House in Nanakuma
by MOVEDESIGN

| 9 comments
 

A staircase folds around a double-height bookcase inside this wooden family house in Fukuoka, Japan, by local architects MOVEDESIGN (+ slideshow).

House in Nanakuma by MOVEDESIGN

Illuminated from all sides by skylights, clerestory glazing and various windows, the staircase was designed by MOVEDESIGN to connect all three floors of House in Nanakuma, creating a well-lit study space that is surrounded by books and other personal items.

House in Nanakuma by MOVEDESIGN

"We can see the sky from one window, or the green of trees from other windows," explained the architects. "These window pictures change with the eye level walking up and down the stairs, making our minds calm and peaceful."

House in Nanakuma by MOVEDESIGN

Internal walls were added sparingly, so the staircase leads straight into rooms on each floor. "The individual spaces are continuous so that the family can have privacy and also feel the presence of each other," said the architects.

House in Nanakuma by MOVEDESIGN

On the ground floor, the staircase opens out to a living and dining room where all food preparation and dining is accommodated by a single wooden island. Translucent panels conceal storage areas behind, while a traditional Japanese room sits off to one side.

House in Nanakuma by MOVEDESIGN

A living room occupies the basement floor and opens out to sunken terraces on both sides of the building. A long and narrow window offers a view out to the largest of these two spaces, which is overshadowed by a small balcony on the floor above.

House in Nanakuma by MOVEDESIGN

Walls on this floor feature exposed concrete surfaces, contrasting with the wooden walls and partitions elsewhere in the house.

House in Nanakuma by MOVEDESIGN

The main bedroom is located on the uppermost floor, alongside a second Japanese room and a small roof terrace.

House in Nanakuma by MOVEDESIGN

We've published several unusual houses from Japan so far this summer. Others include a combined home and dog-grooming salon and a house that is just 2.7 metres wide. See more Japanese houses »

House in Nanakuma by MOVEDESIGN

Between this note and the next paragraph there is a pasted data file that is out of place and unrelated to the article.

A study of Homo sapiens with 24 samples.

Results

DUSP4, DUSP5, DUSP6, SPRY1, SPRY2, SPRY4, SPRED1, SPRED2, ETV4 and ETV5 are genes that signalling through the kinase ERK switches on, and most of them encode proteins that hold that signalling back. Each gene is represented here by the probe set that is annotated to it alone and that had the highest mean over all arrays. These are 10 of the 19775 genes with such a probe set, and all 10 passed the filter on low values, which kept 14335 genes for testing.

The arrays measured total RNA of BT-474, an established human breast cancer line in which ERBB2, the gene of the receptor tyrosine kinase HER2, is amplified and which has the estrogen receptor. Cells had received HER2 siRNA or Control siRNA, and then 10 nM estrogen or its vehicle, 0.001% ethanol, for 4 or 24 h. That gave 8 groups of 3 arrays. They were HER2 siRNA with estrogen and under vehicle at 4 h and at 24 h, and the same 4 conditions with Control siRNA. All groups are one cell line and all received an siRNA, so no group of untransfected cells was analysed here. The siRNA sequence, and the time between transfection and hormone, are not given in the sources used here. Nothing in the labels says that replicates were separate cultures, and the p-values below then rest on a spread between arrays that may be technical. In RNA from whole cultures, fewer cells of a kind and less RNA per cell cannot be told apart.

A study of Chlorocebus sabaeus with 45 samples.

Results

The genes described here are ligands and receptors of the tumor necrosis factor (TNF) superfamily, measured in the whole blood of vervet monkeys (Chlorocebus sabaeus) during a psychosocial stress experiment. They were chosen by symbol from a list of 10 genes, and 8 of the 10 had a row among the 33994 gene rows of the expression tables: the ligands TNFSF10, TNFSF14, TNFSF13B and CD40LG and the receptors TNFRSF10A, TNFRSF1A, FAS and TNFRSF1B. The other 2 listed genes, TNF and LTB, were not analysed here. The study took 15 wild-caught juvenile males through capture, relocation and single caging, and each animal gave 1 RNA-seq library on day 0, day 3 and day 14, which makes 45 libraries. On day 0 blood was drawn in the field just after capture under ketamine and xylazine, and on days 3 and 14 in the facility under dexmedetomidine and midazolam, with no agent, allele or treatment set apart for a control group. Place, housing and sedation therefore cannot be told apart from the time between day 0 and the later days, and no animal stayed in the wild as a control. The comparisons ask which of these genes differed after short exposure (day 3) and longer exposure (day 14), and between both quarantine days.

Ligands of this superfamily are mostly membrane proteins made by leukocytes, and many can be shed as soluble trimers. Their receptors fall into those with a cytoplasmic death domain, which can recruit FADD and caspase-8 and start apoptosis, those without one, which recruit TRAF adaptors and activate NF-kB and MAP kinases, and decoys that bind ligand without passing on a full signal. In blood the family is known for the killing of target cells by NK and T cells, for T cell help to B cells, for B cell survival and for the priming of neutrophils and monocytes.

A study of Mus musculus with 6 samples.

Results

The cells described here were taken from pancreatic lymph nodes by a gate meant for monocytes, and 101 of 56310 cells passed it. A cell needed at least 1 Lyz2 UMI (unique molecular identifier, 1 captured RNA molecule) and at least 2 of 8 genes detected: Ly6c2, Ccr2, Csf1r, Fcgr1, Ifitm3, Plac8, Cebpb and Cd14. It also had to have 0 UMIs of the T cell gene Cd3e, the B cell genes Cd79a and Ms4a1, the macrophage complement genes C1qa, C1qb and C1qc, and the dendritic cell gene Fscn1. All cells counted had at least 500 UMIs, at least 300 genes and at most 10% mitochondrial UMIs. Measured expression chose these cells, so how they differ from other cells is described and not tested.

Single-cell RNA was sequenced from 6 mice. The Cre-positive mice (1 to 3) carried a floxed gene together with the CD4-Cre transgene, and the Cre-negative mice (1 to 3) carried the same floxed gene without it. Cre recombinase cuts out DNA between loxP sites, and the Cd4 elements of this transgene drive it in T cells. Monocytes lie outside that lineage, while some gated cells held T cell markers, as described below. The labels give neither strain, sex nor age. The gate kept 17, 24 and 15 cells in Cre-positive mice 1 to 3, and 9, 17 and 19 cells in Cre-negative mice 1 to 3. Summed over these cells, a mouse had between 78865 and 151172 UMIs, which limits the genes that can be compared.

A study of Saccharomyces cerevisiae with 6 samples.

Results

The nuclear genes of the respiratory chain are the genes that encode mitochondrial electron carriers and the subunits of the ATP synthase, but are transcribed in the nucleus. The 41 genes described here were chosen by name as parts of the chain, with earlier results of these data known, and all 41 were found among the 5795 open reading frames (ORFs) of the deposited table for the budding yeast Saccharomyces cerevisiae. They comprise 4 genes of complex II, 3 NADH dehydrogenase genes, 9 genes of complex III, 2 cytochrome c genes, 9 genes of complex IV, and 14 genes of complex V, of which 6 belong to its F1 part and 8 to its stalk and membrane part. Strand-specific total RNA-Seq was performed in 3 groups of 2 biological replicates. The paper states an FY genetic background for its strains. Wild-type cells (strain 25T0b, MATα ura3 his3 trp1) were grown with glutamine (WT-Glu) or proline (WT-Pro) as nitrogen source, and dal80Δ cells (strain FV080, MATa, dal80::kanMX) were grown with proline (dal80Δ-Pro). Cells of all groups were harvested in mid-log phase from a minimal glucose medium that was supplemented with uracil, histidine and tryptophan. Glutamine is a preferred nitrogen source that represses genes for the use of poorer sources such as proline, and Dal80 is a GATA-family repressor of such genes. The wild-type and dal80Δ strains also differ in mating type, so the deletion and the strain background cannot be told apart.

Other combined staircases and bookshelves on Dezeen include one in a Rotterdam townhouse and one inside a house in Osaka. See more staircases combined with bookshelves »

House in Nanakuma by MOVEDESIGN

Photography is by Yousuke Harigane.

Here's a project description from MOVEDESIGN:


House in Nanakuma

This house is located in Fukuoka, Japan. Reinforced concrete for basement and wood flame for two floors on the ground.

House in Nanakuma by MOVEDESIGN

Three floors are in layers, different generations of this family live in this layered house. The individual spaces are continuous so that the family can have privacy and also feel the presence of each other.

House in Nanakuma by MOVEDESIGN

The role of the large staircase is an apparatus to connect three layers. It takes sunlight and connects the air with the house. The stairs are the main traffic line, there are some windows cut outside scenery. We can see the sky from one window, or the green of trees from other windows. These window pictures change with the eye level walking up and down the stairs, making our minds calm and peaceful.

House in Nanakuma by MOVEDESIGN
Basement level plan - click for larger image and key

The staircase and windows were planned to control the opening to the outside, cutting the scenery, saving energy, bringing requisite sunlight and a wind through the house. We hope that three people of this family having different generations can have individual lifestyles for their day life.

House in Nanakuma by MOVEDESIGN
Ground floor plan - click for larger image and key

Architects: MOVEDESIGN
Designer: Mikio Sakamoto

House in Nanakuma by MOVEDESIGN
First floor plan - click for larger image and key

Function: private house
Location: Nanakuma, Fukuoka, Japan
Structure: reinforced concrete + wood frame

House in Nanakuma by MOVEDESIGN
Cross section - click for larger image

Site area: 126.68 sqm
Architectural area: 54.64 sqm
Total floor area: 142.68 sqm
Year: 2013

  • Jaśko

    It is a very good design. But come on, every japanese designed house looks kind of the same. And it must be so loud there.

    • b

      I’ll take 10000 of these over the suburban crap built around these parts.

  • Des

    Where do they get so much wood?

    • WiseGuy

      From a collection of trees often referred to as a forest?

  • mindgame

    Railings in a modern japanese house? Blasphemy!

  • paul bruce

    The next step is to create living spaces accessible from the sides of the stairs, utilising a portion of the empty space between floors.

  • terry allen rubin

    I was in Japan years ago and loved it for so many reasons, the list is too long. I would love to live in one of those houses, next to people who have pride. Yes, that would be first on my list. Japan has pride in their design, food and so on.

  • http://www.melgreendesign.com Mel

    Note how the rooms are designed around the Tatami Mats. They are all proportional and very serene. The use of local and regional wood sources probably helps their budget.

    A beautiful design and as someone commented probably loud, although I would imagine that the owners would take care of sublimating noise.

    Although it is small in area, the feeling of spaciousness is very interesting. I’d love to see how they decorate the place and how they use it in their day-to-day lives!

  • Marc

    Nice design but the stair railings are definitely not acceptable. Very dangerous for children.